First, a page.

Localizing interventions for last mile connectivity

Use of local dialect has shown to increase ownership of the interventions by the local communities:
December 2, 2020

The role of integrated marketing communication is to increase awareness and reach a larger audience. This simply means utilizing several different platforms and mediums to spread the intended message.

The Dholuo version of “ SIT HERE” placed on the bench at Kochola Dispensary, Rongo, Migori County

As the Covid-19 interventions are largely behavioral change skewed, Amref Health Africa has incorporated them in the Hygiene and Behaviour change program to reach out to communities within the 10 counties identified as Covid-19 hotspots in Kenya. Working closely with the Ministry of Health officials within the counties, Amref Heath has incorporated its nudges in wall posters within the hospital/ dispensaries to reinforce pro-social/ healthy behaviors. The nudges in this instance are acting as constant reminders to individuals to take personal responsibility in protecting themselves against Covid-19 by adhering to the 5 key behavior of wearing a mask, washing hands with soap, physical distancing, cough etiquette and ability to identify symptoms of the disease.

The nudges for HBCC program aim to in trigger positive action towards all Covid-19 preventative measures, they demonstrate the action required but more importantly the message aims to place the responsibility to the individuals

Reflecting on the Migori county exercise.

What catches your eye is the language communicating the nudge, it’s in dholuo. “This is not new as it has been used for numerous public awareness campaigns” says Raymond Obare, a communication officer for the HBCC Coalition at Amref Health Africa. A common way to communicate and influence behaviour change, The HBCC program has used nudges to amplify their poster messaging ensuring our diverse audiences are reached via the medium and language that best suits them and also drives them towards desired behavior or action

The nudges in use in Migori and other areas have been localized to personalize the message and eliminate translation gaps around Covid-19. The language localization is further amplified with training of CHW’s and CHV’s who understand and relate to the sensitivities of local cultures and norms being observed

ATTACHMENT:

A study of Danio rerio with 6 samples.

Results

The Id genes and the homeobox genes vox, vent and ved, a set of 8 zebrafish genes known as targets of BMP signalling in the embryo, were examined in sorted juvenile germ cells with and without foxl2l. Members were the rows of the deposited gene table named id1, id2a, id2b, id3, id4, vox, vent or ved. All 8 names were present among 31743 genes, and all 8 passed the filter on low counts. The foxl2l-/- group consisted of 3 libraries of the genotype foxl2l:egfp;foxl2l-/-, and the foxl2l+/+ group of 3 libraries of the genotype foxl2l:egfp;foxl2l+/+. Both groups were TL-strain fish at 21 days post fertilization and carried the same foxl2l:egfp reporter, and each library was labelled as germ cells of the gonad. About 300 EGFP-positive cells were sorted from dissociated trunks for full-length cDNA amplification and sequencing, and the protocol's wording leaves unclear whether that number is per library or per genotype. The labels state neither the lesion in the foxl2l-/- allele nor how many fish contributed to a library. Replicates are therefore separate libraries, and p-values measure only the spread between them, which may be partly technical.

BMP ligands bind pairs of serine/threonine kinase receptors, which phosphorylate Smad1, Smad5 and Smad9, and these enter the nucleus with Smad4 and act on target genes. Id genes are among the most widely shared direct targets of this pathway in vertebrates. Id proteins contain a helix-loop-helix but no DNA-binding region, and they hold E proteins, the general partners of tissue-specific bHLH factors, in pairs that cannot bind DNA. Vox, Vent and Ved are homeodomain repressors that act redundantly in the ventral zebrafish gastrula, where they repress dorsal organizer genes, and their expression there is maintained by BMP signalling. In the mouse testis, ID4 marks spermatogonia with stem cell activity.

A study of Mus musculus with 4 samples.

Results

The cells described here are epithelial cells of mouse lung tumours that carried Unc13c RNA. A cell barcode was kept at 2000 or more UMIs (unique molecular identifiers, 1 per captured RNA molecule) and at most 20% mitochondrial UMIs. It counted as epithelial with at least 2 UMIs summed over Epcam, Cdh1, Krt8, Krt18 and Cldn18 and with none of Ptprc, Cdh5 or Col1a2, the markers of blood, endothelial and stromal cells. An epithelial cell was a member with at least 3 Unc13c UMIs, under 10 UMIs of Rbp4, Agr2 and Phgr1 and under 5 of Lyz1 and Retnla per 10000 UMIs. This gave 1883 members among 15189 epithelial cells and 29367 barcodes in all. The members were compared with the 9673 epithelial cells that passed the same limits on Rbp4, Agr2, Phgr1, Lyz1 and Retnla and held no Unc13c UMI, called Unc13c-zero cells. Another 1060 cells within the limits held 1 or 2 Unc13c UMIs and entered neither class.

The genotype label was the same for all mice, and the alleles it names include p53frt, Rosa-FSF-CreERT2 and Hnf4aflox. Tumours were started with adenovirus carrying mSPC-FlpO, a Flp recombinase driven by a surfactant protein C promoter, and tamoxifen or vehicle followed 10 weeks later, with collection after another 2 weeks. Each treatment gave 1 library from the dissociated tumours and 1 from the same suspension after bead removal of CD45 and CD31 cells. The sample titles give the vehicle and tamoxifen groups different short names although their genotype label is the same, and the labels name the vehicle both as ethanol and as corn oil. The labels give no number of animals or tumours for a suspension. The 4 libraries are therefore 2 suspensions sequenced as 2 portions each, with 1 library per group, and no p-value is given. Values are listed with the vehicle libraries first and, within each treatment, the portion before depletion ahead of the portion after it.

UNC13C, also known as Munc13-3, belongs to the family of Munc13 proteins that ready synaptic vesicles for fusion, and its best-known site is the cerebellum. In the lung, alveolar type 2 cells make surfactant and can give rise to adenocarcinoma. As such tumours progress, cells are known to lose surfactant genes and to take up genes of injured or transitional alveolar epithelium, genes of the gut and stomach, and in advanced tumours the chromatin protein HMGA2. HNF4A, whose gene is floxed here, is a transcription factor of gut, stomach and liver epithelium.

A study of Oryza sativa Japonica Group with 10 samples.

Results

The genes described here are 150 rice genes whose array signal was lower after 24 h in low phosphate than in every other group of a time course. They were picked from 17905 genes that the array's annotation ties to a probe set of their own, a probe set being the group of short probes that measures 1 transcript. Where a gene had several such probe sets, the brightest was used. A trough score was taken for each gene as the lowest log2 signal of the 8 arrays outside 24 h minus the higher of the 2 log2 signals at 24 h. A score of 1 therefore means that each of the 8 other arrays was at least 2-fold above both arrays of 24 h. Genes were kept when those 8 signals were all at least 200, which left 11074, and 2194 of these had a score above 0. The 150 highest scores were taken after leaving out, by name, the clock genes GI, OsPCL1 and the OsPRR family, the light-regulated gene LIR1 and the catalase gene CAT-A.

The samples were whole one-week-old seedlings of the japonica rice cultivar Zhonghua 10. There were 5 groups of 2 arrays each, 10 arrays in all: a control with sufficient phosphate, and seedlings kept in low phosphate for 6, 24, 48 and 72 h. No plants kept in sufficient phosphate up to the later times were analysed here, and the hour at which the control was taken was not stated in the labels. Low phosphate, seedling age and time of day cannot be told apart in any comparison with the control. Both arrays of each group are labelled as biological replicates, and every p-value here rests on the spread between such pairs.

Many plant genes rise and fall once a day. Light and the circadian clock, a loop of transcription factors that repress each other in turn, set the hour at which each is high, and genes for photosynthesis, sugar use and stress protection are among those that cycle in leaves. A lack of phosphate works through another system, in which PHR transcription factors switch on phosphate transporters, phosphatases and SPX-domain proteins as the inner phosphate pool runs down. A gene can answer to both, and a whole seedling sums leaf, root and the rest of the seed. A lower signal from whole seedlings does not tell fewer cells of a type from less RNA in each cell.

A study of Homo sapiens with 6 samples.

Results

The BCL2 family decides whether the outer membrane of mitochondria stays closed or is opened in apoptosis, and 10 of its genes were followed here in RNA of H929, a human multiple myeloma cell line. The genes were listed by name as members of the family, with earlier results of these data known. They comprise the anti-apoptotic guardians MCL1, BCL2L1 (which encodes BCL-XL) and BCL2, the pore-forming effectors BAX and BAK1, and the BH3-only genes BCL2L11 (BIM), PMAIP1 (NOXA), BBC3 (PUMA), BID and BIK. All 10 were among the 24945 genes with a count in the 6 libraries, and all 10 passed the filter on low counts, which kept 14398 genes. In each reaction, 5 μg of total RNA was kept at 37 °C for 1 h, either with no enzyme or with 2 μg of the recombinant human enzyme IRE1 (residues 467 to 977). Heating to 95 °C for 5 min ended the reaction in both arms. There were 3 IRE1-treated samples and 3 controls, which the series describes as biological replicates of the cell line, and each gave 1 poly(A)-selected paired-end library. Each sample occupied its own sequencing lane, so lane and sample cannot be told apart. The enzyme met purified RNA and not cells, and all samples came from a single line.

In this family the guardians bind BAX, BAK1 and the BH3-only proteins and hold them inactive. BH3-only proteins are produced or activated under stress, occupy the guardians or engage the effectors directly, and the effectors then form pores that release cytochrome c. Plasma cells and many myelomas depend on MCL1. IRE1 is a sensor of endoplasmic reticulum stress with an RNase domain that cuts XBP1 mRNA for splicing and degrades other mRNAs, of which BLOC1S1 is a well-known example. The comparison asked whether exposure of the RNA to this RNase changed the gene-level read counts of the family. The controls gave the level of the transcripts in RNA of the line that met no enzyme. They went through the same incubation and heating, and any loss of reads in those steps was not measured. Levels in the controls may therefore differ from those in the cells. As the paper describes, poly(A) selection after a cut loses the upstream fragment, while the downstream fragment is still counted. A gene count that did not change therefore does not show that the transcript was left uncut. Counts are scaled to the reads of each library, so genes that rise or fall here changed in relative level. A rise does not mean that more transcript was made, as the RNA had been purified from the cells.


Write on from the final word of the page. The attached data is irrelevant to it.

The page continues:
Results from localizing the last mile has allowed for messages to be owned and embraced by respective communities, new words and terminologies being added to local dialect helping raise the acceptance and success of interventions being delivered.

Why nudges?

Nudging is a concept in behavioral economics, political theory, and behavioral sciences which proposes positive reinforcement and indirect suggestions as ways to influence the behavior and decision making of groups or individuals.

To nudge literally means to gently push someone or something in a particular direction; figuratively it means to encourage through words or actions with the latter being referred to as the power of suggestion. Thus any aspect of the choice architecture that alters people's behavior in a predictable way without forbidding any options is a nudge.

While in Kisii and Migori the Amref Health, County Health officials and NBCC distributed and plastered nudges in more than 80 health centers. Core to the effort was ensuring  the nudges are strategically placed within the health facilities, all aimed at promoting healthy habits in order to mitigate the spread of Covid -19.

Staff in recipient facilities expressed their appreciation, noting that it will now be easier to point the patients towards the posters for self-reading as opposed to repeating the messages constantly.  

Further a general observation across all health facilities was that they well stocked and functioning handwashing stations a good sign that the hand hygiene interventions are being adhered to as part of behavior change to reinforce the anti Covid-19 interventions

The Dholuo Version of “ ITS IN YOUR HANDS, WEAR A MASK !

#HBCCKe

Gallery

No items found.

Keep up to date with our newsletter

Thank you! Your submission has been received!
Oops! Something went wrong while submitting the form.